I had my first stroke in January 1987. I had just had my second child, a daughter, by a complicated caesarean and she was about ten days old. I was twenty-seven.
Following the birth, a couple of nights after being discharged, I was in bed and saw an arm in the bed. I moved away from it but it followed and I realised it was mine. I tried to tell my husband something was wrong but I couldn't. I indicated with my other hand for a pen and my distraught husband brought me a pen and piece of paper. I tried to write a neighbour’s name (for him to ask her to stay with the children so we could go to A&E), but wrote a shaky 'happy'. My husband became even more upset but understood.
I was sent home from A&E after being told I had a trapped nerve, the hospital did not realise I had suffered a stroke. I was not able to speak properly for about three weeks, nor understand what was being said to me.
Two years later I was doing part-time nurse training and had a shock when strokes were described. I didn't recognise myself as a stroke-survivor when looking after the elderly bed-bound patients, yet the symptoms being described sounded like exactly what I had suffered. I presumed I’d possibly had an undiagnosed TIA.
Before starting training, I had a medical. After a chest X-ray I was told I had arteriovenous malformation, but it was nothing to worry about. However, I was concerned and spoke with my GP who also said it was nothing to worry about. Separately (or so I thought), I was struggling with my memory, reading, new concepts, and thinking systematically. I thought this was just the way I was made, or struggling with studying with a family. I became very organised by strict use of lists!
After qualifying, I took post-registration courses. In 2005, I started a part-time science degree. My science up to that point amounted to an ‘O’ level in Biology. Once I was advised to give up, another time I was laughed at, publicly, for spectacularly failing a maths test. It was a struggle, but I graduated with a 2.1 in BSc Hons in Biochemistry.
By 2007, I was severely fatigued, but no diagnosis was forthcoming. I collapsed at work on ITU twice and tried reducing my hours severely but ultimately it didn't work out. At this time I lost my sister to pancreatic cancer.
In 2009, I started an Open University course about how lay-people learn, understand and use science; I was always concerned about how well patients and relatives understood medical information and achieved informed consent. I struggled with the amount of reading, but I graduated in 2012 with an MSc in Science and Society.
I went to work for a charity writing patient information but was bullied out for reading too slowly. I was now unemployed for the first time in my life. My husband and I became foster carers providing respite care for autistic children. I also, with trepidation, found a part-time job writing patient information at Royal Brompton and Harefield Hospital.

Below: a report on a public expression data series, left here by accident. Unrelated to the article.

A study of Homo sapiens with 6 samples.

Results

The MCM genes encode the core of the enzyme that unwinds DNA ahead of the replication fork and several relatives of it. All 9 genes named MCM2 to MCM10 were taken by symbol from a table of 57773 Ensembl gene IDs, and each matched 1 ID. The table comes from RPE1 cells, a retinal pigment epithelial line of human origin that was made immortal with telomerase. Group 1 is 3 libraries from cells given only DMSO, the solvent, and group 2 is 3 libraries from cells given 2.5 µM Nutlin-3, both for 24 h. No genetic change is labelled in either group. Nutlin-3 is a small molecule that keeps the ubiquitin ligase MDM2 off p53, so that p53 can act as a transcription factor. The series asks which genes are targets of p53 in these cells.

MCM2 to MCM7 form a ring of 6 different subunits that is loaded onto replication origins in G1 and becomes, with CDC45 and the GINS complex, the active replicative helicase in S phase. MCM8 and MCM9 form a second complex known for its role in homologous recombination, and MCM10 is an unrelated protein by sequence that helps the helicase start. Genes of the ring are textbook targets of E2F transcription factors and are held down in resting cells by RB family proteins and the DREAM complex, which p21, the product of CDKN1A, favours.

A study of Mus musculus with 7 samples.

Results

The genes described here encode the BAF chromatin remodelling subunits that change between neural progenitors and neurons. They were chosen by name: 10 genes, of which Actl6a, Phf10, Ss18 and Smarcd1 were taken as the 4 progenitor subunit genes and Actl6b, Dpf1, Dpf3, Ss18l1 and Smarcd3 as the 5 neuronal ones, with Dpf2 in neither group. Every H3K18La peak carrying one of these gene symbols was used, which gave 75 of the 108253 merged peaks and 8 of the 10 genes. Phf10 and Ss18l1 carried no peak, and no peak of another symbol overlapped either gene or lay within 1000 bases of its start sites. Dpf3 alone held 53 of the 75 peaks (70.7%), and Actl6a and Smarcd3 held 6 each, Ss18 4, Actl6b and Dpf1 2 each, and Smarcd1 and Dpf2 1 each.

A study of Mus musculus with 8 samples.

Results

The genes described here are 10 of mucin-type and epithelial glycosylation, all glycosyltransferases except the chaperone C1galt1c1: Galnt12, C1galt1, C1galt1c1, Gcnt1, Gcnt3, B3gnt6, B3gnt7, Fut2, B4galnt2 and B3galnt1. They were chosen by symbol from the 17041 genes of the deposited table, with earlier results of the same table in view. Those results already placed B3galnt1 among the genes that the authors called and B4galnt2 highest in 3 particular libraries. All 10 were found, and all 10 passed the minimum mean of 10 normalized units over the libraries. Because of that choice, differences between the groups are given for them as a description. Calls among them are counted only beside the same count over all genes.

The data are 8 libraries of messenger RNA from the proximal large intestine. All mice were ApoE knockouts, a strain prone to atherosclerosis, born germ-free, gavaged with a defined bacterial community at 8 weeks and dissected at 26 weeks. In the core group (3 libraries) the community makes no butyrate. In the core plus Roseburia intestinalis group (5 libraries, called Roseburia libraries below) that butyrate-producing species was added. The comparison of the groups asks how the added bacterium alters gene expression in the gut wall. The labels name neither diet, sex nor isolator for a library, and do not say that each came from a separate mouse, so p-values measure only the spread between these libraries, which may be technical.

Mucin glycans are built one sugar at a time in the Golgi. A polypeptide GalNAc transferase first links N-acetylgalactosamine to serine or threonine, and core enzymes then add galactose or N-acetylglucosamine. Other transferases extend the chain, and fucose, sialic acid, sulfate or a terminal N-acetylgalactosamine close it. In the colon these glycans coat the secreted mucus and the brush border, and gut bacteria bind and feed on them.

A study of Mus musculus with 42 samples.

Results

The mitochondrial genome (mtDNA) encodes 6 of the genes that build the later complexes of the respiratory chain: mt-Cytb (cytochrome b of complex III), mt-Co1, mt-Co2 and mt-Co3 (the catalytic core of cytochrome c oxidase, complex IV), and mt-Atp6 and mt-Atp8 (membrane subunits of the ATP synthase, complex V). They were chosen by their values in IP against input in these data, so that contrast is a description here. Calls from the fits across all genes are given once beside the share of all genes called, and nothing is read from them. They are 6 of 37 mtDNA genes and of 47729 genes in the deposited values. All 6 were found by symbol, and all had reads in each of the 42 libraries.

In 2014, three weeks after starting, I had a second stroke. Again, I was sent home from A&E with speaking and understanding issues; they did not think I had suffered a stroke, but that I had suffered a TIA. I had also lost the ability to read completely. I was re-admitted the following day as an emergency as I deteriorated further.
This time I had speech and language therapy, and returned to work. It was very difficult because my aphasia meant I couldn't read while my colleagues were speaking, and I struggled with conversations. But I enjoyed finding the right words to make sure the information was accessible for people with low literacy levels. I was now using my own difficulties to aid my work. I had a very patient and understanding line manager who was happy with accuracy over speed.
In August 2014 it was found that I had a large pulmonary arteriovenous malformation, an extra deformed vessel shunting blood from the right ventricle of my heart to the left. Clots formed on the inside and travelled to my brain.
In 2015, while waiting for an embolisation to be carried out (at my workplace!), I had a third stroke. All three strokes were found on a brain scan. The procedure failed, and I ended up in high dependency after a serious complication. Two days later, my husband was told his cancer, diagnosed in 2011, had recurred. He needed to start more treatment. It was a very difficult time for our family.
While I was waiting for my consultant to investigate how to go forward and form a new team, I decided to try to tackle my now much worse aphasia. I have problems finding words, reading, following instructions and directions, plot lines, understanding long sentences, text messages, numbers, and passwords. I have problems with negatives so am constantly checking, and often misunderstand. Also, there’s a sharp decline in my spelling and grammar.
An author friend asked if I'd ever considered writing. I replied yes, but that I was unlikely to actually write a book. However, I started making notes in hospital, and started writing when I returned home. I was trying to repopulate my brain with words as I needed them for work! But my occupational health doctor set me straight – I would never return to work (we’ll see!) and I was retired on the grounds of ill health in 2016.
I attend a local aphasia group, ‘Speakability’, which I found by accident. We do language and math exercises, watch documentaries, enjoy outings, have a laugh, and a wonderful doctor at King’s helps me with post-stroke strategies. I kept on writing and last summer completed a story of 110, 000 words. My daughter has kindly read it and is helping me get it ready to send to publishers. Last September, my husband and I took a poetry course, and I’ve just started creative writing courses. I’ve done other courses and I do find them difficult, especially reading aloud, or presenting information, but the effort is worth it the long term.